Our piano feature last month included an article by Evan Mitchell on the subject of the stage persona of pianists. Should the performer’s looks and gestures matter, or should purist listeners shut their eyes and use only their ears? In the case of today’s Gstaad chapel piano-four-hands recital by Ani and Nia Sulkhanishvili, there was no question that what you saw formed part of the show.

In the first place, there’s something mildly disconcerting about seeing identical twins playing a single piano. The Sulkhanishvili duo emphasise this (I assume deliberately): two tall girls in long black dresses with long dark pre-Raphaelite style hair, both with highly expressive faces, and both swaying exaggeratedly with the music, sometimes together, sometimes in antiphase. There was a clear impression that you were watching some form of two-headed, four-armed Indian deity.

Personally, I think it added to the fun, particularly since their musicianship was clearly up to scratch. They were quite capable of reproducing all sorts of moods, from the gentle schmaltz in one of Brahms’ Neues Liebesliderwalzer to some high octane con fuoco in the scherzo of Rachmaninov’s Six morceaux. The opening of the Rachmaninov showed impressive legato, with a rapt and shimmering repeated figure in the treble, accompanied by portentous, massive chords in the bass.  And the duo’s ability to play tightly together was every bit as good as you might have expected from the floor show. It’s one thing to play an accented rhythm tightly in time; it’s considerably more impressive to hear a duo play rubato together (with long gaps between the chords) and get the length of the breaks absolutely spot on.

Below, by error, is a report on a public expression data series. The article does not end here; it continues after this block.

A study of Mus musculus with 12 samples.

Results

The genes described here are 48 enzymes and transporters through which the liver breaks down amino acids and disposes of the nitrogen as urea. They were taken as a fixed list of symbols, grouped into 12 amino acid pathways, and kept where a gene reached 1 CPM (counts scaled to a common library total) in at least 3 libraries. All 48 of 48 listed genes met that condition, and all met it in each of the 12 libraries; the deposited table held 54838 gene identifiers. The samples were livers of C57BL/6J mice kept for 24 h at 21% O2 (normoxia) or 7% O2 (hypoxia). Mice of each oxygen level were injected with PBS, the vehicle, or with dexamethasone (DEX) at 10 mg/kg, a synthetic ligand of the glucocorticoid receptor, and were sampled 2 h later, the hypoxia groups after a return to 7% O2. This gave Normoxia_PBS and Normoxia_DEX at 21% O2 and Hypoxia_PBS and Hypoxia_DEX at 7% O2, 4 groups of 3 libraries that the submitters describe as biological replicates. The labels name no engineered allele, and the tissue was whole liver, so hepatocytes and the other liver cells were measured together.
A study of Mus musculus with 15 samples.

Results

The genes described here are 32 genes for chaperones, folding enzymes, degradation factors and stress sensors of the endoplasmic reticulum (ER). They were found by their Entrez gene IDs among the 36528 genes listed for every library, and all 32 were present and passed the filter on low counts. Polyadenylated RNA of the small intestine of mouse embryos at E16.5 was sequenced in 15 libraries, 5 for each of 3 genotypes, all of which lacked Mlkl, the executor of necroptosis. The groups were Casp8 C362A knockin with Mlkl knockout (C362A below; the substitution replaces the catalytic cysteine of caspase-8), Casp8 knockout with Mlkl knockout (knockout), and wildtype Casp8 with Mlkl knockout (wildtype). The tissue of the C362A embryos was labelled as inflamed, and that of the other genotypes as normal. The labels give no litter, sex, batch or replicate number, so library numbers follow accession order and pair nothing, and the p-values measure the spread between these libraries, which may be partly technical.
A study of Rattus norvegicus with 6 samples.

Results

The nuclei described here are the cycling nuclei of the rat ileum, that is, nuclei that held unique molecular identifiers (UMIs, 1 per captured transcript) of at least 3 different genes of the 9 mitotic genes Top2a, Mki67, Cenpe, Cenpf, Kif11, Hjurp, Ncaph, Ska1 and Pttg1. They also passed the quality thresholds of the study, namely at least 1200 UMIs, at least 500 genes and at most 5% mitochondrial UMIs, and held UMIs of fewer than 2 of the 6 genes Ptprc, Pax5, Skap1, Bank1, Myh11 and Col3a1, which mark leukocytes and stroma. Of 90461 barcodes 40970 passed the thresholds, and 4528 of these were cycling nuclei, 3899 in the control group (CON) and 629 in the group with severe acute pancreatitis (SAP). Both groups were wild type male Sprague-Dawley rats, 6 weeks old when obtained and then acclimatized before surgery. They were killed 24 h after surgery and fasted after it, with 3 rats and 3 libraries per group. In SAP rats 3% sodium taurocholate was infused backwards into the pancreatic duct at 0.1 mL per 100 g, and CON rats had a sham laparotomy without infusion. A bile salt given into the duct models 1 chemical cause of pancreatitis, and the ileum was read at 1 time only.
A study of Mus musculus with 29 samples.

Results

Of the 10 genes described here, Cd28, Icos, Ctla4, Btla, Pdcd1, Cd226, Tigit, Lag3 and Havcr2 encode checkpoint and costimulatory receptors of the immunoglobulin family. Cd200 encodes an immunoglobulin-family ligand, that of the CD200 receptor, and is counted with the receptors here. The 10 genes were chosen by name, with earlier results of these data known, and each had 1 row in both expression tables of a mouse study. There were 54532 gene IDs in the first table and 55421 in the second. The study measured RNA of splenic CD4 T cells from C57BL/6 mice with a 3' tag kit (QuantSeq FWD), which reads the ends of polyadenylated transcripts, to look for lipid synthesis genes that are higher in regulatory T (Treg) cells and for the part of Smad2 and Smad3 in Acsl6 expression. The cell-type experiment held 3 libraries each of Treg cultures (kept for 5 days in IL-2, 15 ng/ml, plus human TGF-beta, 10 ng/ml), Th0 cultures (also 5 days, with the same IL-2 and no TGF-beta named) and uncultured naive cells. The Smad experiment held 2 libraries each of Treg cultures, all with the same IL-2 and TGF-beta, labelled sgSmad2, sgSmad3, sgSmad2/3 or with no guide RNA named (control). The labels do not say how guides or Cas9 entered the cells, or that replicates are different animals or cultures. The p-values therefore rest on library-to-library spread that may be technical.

To my surprise, in the presence of music by all these Romantic greats, the piece I will find myself remembering most was Mesopotamia, the day’s world première episode of Benjamin Yusupov’s Cultures of the past. Yusupov must conceive of ancient of Mesopotamia as a particularly violent place, because, after a start of driving rhythmic figures and a roll of Yusupov's characteristic high held notes, the Sulkhanishvilis unleashed a veritable torrent of notes that left me reeling with its intensity. It was a genuine pianistic tour de force.

My cavil with the programme is that I found it rather episodic. The Yusupov aside, after a pleasant Schubert introduction, each of the three items on the programme was a series of short pieces (in whole or in part). The whole concert displayed the versatility of the two pianists in tackling a rich variety of moods, but I did spend most of the closing Dvořák wishing for something more substantial that showed some more emotional development before it was time to move on to the next piece.

Still, there was no doubting the quality, and the concert closed with exactly the sort of encore to send you on your way with a smile, a composition written for them by fellow Georgian Vajha Azarashvile, which sounded like an souped up medley from Broadway. It was played with verve and thoroughly entertained us.